Architects: How Would You Make ‘City Hall Accessible for All?’


Scott Ball / Rivard Report

Citizens work together to carry a dolly up the steps of City Hall.

San Antonio City Hall was built about 127 years ago in the center of Military Plaza, local philanthropist and developer Gordon Hartman told reporters Tuesday.

“Twenty years ago the [Americans with Disabilities Act] was passed,” Hartman said. “But 2018 will be the year we make City Hall accessible for all.”

The Gordon Hartman Family Foundation has put up $20,000 in prize money for a design competition – launched Tuesday – that will transform the way people of all abilities approach City Hall. Currently people who use wheelchairs, walkers, canes, or have other mobility issues must go around to the back of the building and enter a steep and narrow walkway that leads to a basement elevator.

The only entrance to City Hall for people in wheelchairs is a ramp entrance on the south side of the building that leads to the basement elevator. Photo by Iris Dimmick.

Iris Dimmick / Rivard Report

The only entrance to City Hall for people in wheelchairs is a ramp entrance on the south side of the building that leads to the basement elevator.

“This is way overdue,” said Hartman, who created Morgan’s Wonderland, a fully-accessible theme park for children with special needs and their families. He estimated that anywhere from 150,000-200,000 San Antonians couldn’t walk up City Hall’s stairs or would at least need assistance.

Councilman Roberto Treviño (D1) led the year-long charge to formulate the competition, which is the third of its kind in a partnership between the City and the local chapter of the American Institute of Architects. The first two produced designs for Stinson Airfield Control Tower and the new San Antonio river barges. This competition is open to professional and student architectural/design teams, and there is a $175 entry fee.

Click here to download the Call for Entry package. The City of San Antonio and H-E-B are each contributing $10,000 to AIA San Antonio to manage the competition.

The steps to City Hall are a “bridge between citizens and their government,” Treviño said. “This is a civil rights issue.”

Judith L. Babbitt, the City’s first accessibility compliance manager, passed away last year after medical complications. Treviño said he hopes City Hall’s new entrance can reflect her dedication to “universal design” and that submitted proposals go beyond the minimum ADA requirements.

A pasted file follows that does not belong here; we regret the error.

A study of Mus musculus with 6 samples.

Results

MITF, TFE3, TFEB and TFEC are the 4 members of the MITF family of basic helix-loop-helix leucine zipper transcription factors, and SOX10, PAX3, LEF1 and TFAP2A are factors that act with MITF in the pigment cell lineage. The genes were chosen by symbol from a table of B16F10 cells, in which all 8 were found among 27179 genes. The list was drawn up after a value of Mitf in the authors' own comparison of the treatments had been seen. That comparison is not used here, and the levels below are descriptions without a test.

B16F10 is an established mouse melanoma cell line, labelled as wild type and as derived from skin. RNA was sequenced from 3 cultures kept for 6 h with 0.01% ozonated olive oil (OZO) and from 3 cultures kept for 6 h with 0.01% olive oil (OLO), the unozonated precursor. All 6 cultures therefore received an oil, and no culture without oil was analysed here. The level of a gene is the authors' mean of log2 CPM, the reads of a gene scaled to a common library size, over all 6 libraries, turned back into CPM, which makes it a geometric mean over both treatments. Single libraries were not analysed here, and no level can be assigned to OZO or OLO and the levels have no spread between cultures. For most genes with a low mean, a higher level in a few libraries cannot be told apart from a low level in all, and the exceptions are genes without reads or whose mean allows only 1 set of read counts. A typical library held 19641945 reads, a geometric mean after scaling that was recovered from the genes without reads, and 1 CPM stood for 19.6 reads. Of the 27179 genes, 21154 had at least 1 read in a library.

“We believe that access to good design is a fundamental right that should be afforded to all,” AIA San Antonio President Adam Reed said. “This design competition challenges entrants to find a creative, innovative solution to open the front door of City Hall to all. We hope to receive entries that address more than just minimum required standards, so that our city can be seen as a place where solutions are in turn statements.”

Registration for the competition opened today and closes on April 3. AIA San Antonio will host a mandatory pre-submittal conference in the Municipal Plaza Building on April 17. Proposals are due by 4 p.m. on June 30. An open house is scheduled for July 17 so the public can provide input on the entries, but the winner will be decided by a panel of jurors that includes State Rep. Diego Bernal (D-123), historic preservation architect Jeffrey Fetzer, Sharon Fleming of the Texas Historical Commission, registered accessibility specialist Peter Grojean, and special needs community representative Todd Hargroder.

The winner will be announced on Aug. 16, if all goes according to schedule. Officials hope that the new design will be approved by the Historic and Design Review Commission and City Council in time for the new entrance to be built by 2018 – in time to become a “Tricentennial gift to San Antonio,” Reed said.

The changes to City Hall’s entrance will be semi-permanent, said local architect and conservationist Sue Ann Pemberton, so as to preserve the existing historic structure and allow for future modifications.

When dealing with historic buildings, you need to take a “light touch,” she said.

Pemberton is director of UTSA’s Center for Architectural Engagement and led a team of students that measured and mapped out the existing structure’s schematics for applicants to review.